Pixcurve image sensor: microelectronics free from planar sensors
Categorie(s) : Events, Industry, Innovation & Society, MINATEC, News
Published : 1 April 2018
In February Leti presented a functional prototype of an 11 mm x 7 mm CMOS image sensor whose unique feature is that it is curved. The innovation could lead to a spectacular reduction in the size and complexity of lenses. It also opens the door to a whole new breed of microelectronics where the flat format will no longer be the norm.
The Pixcurve sensor was made from a commercially-available image sensor that was thinned from 725 microns to less than 100 microns. The thinned sensor is flexible enough to be curved, with a curve radius of 65 millimeters. The curved sensor fits perfectly into a conventional package for planar sensors.
Standard processes combined with unique know-how
The curved sensor is fabricated using standard CMOS dicing, thinning, and packaging processes. However, orchestrating the processes required substantial R&D that led to seven patents.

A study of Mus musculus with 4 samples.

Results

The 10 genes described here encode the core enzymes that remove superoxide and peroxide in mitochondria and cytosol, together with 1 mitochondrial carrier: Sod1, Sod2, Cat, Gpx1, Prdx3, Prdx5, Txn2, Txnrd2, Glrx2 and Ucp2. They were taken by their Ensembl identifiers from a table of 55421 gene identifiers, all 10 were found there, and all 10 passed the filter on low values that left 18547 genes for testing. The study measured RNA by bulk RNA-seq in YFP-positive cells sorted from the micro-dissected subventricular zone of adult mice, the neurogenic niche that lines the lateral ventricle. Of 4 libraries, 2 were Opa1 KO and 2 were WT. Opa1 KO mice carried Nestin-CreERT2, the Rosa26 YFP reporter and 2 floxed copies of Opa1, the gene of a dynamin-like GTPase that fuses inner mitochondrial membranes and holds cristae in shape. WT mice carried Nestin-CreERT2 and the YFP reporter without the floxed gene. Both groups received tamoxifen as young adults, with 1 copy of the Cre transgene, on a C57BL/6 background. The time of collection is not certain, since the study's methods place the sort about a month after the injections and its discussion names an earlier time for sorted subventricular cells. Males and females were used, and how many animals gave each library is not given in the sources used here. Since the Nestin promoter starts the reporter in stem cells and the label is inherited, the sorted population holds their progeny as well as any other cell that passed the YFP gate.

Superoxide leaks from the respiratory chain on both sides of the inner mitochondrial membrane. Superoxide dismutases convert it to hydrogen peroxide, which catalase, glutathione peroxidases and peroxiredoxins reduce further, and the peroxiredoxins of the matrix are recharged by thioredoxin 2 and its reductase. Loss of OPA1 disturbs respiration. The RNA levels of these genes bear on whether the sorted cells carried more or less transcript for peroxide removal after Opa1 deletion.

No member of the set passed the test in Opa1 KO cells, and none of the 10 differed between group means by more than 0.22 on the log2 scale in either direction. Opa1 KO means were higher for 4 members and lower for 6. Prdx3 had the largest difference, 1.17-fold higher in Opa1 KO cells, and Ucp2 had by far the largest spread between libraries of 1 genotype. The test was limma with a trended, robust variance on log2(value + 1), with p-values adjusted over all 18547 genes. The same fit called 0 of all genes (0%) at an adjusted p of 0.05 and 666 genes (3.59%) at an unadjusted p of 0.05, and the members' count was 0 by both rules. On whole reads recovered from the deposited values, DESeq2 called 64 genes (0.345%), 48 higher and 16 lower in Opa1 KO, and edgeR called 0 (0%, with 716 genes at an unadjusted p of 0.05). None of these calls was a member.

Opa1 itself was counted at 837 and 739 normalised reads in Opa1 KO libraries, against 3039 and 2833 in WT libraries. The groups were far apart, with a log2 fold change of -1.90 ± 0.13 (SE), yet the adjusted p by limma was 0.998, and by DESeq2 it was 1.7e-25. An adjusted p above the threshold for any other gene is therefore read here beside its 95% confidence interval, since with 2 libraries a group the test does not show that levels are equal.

So, why make a curved sensor? Mainly because camera lenses are also curved. A curved sensor combined with curved lenses minimizes the need for optical correction. At the Photonics West trade show held in the US earlier this year, Leti demonstrated that the same image quality could be obtained with a 24-mm lens for a curved sensor as with a 60-mm lens for a planar sensor.
For 30 years, the level of precision and complexity of fabrication processes has meant that flat sensors were the only option. Pixcurve has changed all that with an innovation that will challenge the “flat” world of microelectronics and better meet the needs of the equipment that uses the sensors.